Why We All Need to Know Macroeconomics
Your market is no longer a domestic market. Your market is a global market.
Peter Henry is an economist and Dean of NYU's Stern School of Business and the author of Turnaround: Third World Lessons for First World Growth. Henry is a native Jamaican and the youngest and only black dean of a major business school. He was a wide receiver on the UNC football team, a Rhodes Scholar at Oxford, and received his Ph.D at MIT. He taught economics at Stanford prior to NYU, was on President Obama's Transition Team in 2008, and is currently on the board of the Council on Foreign Relations.
Macroeconomics has microeconomic implications. If I am running a corporation that I previously thought of as a domestic corporation, there really is no such thing anymore. Everything from consumer package goods in the United States to makers of large capital equipment – your market is no longer a domestic market. Your market is a global market. And so that requires understanding that the decisions that are made at the level of international economic policymakers come home to roost, so to speak, in your bottom line.
We see this in companies ranging from Kraft Foods and others to companies like Proctor & Gamble. And so what’s really critical here is that business leaders understand that what happens abroad has implications for the bottom line at home.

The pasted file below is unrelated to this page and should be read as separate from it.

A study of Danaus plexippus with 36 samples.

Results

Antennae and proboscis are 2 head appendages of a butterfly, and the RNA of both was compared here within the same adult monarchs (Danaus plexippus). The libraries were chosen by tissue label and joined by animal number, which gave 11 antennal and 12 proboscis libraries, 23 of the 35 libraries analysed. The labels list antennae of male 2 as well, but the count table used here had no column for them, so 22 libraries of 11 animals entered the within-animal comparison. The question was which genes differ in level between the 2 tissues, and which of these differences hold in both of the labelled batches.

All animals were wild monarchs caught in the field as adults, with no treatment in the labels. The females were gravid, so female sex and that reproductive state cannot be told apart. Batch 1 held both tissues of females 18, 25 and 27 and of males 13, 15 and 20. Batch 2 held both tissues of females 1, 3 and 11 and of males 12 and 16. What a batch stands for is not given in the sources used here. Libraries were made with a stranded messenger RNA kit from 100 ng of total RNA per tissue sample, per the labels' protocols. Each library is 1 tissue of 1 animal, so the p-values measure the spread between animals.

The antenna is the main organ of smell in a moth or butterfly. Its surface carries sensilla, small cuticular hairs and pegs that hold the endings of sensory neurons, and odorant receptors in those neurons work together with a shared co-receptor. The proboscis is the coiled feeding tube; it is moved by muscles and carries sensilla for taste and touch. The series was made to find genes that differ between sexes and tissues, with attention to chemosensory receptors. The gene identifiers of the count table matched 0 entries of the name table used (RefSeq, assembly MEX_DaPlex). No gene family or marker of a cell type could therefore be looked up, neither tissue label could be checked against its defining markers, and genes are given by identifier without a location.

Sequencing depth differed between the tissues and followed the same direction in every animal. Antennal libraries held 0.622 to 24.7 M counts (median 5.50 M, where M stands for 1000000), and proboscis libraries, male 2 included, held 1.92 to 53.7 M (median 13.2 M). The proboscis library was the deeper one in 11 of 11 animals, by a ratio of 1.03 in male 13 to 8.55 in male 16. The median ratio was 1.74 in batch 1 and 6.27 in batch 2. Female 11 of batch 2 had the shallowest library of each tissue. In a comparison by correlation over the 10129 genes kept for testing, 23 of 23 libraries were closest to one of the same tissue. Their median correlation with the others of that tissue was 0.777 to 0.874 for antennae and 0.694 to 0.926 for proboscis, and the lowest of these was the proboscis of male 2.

- There's more than one way to make a black hole, says NASA's Michelle Thaller. They're not always formed from dead stars. For example, there are teeny tiny black holes all around us, the result of high-energy cosmic rays slamming into our atmosphere with enough force to cram matter together so densely that no light can escape.
- CERN is trying to create artificial black holes right now, but don't worry, it's not dangerous. Scientists there are attempting to smash two particles together with such intensity that it creates a black hole that would live for just a millionth of a second.
- Thaller uses a brilliant analogy involving a rubber sheet, a marble, and an elephant to explain why different black holes have varying densities. Watch and learn!
- Bonus fact: If the Earth became a black hole, it would be crushed to the size of a ping-pong ball.
Protected animals are feared to be headed for the black market.
In a breakthrough for nuclear fusion research, scientists at China's Experimental Advanced Superconducting Tokamak (EAST) reactor have produced temperatures necessary for nuclear fusion on Earth.
- The EAST reactor was able to heat hydrogen to temperatures exceeding 100 million degrees Celsius.
- Nuclear fusion could someday provide the planet with a virtually limitless supply of clean energy.
- Still, scientists have many other obstacles to pass before fusion technology becomes a viable energy source.